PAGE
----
11 January 2006

The Council of Europe (Directorate General of Social Cohesion and Directorate General of Human Rights) and the European Roma Rights Centre (ERRC) will organise in Strasbourg the 10th study session for persons involved in providing legal assistance to Roma and Traveller communities, from 29 May to 2 June 2006.

These study sessions aim at providing participants with practical examples on how to use the Council of Europe Human Rights Conventions in defence pleadings in favour of Roma and Traveller communities:

The sessions involve :

29 May to 31 May 2006

  • Training and lectures on relevant articles and procedure of the European Convention on Human Rights
  • practical information on how to submit an application to the European Court of Human Rights
  • a moot trial exercise

1 and 2 June 2006

  • lectures and practical information on the European Charter Collective Complaints procedure
  • information about access to relevant Council of Europe documentation and database.

The study sessions are animated by Council of Europe staff (including lawyers from Registry of the European Court of Human Rights), ERRC staff lawyers, and experienced outside experts.

Participants should be practising lawyers involved in defending Roma and Travellers cases in any of the Council of Europe member and applicant states.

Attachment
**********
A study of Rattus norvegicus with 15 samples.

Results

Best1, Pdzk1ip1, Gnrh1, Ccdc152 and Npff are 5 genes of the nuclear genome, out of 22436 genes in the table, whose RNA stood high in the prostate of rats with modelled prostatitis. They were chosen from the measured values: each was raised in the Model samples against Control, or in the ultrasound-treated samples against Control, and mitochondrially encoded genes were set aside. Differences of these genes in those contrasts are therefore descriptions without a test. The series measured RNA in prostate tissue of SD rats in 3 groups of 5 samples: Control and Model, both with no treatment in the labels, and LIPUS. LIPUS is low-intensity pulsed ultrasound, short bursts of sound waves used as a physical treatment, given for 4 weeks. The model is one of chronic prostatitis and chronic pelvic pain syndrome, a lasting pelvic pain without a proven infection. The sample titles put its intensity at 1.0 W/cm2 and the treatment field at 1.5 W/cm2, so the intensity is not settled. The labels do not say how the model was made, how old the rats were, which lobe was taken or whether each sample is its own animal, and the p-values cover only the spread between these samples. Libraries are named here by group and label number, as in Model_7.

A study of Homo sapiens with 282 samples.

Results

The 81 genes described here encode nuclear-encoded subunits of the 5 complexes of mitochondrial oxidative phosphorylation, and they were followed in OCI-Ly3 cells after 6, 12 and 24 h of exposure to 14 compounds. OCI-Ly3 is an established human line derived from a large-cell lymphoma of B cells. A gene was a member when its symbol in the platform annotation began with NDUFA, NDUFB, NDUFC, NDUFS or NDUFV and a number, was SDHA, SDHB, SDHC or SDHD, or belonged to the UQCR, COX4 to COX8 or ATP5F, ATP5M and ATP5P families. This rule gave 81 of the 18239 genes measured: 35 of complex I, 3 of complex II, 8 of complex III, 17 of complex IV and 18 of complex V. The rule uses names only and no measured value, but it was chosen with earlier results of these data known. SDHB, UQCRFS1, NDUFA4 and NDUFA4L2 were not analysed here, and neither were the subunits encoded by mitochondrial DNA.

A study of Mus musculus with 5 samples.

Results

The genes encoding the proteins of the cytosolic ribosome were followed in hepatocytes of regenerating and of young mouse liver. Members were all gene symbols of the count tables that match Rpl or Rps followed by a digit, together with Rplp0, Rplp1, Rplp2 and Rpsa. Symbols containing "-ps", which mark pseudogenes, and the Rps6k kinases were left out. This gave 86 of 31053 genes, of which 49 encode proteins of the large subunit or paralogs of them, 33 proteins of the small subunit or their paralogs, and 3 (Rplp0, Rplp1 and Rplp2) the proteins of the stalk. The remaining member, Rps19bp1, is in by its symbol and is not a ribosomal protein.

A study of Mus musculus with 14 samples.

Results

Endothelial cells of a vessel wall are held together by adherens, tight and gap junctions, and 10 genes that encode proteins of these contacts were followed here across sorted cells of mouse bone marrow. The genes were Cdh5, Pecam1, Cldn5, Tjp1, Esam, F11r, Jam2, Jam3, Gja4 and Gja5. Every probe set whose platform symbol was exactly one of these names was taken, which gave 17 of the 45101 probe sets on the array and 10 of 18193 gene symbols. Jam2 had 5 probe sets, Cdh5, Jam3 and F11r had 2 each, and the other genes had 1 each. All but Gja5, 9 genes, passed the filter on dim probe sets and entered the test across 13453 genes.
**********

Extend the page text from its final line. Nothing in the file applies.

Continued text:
The working language will be English and the Council of Europe will cover travelling and subsistence costs.

Applications should reach the Council of Europe Secretariat before 7 April 2006 together with a CV in English.


14 February 2018

Written Comments of the European Roma Rights Centre concerning Hungary to the UN Human Rights Committee for consideration at its 122nd session (12 Narch - 6 April 2018).


24 January 2018

Romani and Traveller children in England are much more likely to be taken into state care than the majority population, and the numbers are rising. Between 2009 and 2016 the number of Irish Travellers in care has risen by 400% and the number of Romani children has risen 933%. The increases are not consistent with national trends, and when compared to population data, suggest that Romani and Traveller children living in the UK could be 3 times more likely be taken into public care than any other child. 


21 November 2017

There’s a high percentage of Romani and Egyptian children in children’s homes in Albania – a disproportionate number. These children are often put into institutions because of poverty, and then find it impossible ever to return to their families. Because of centuries of discrimination Roma and Egyptians in Albania are less likely to live in adequate housing, less likely to be employed and more likely to feel the effects of extreme poverty.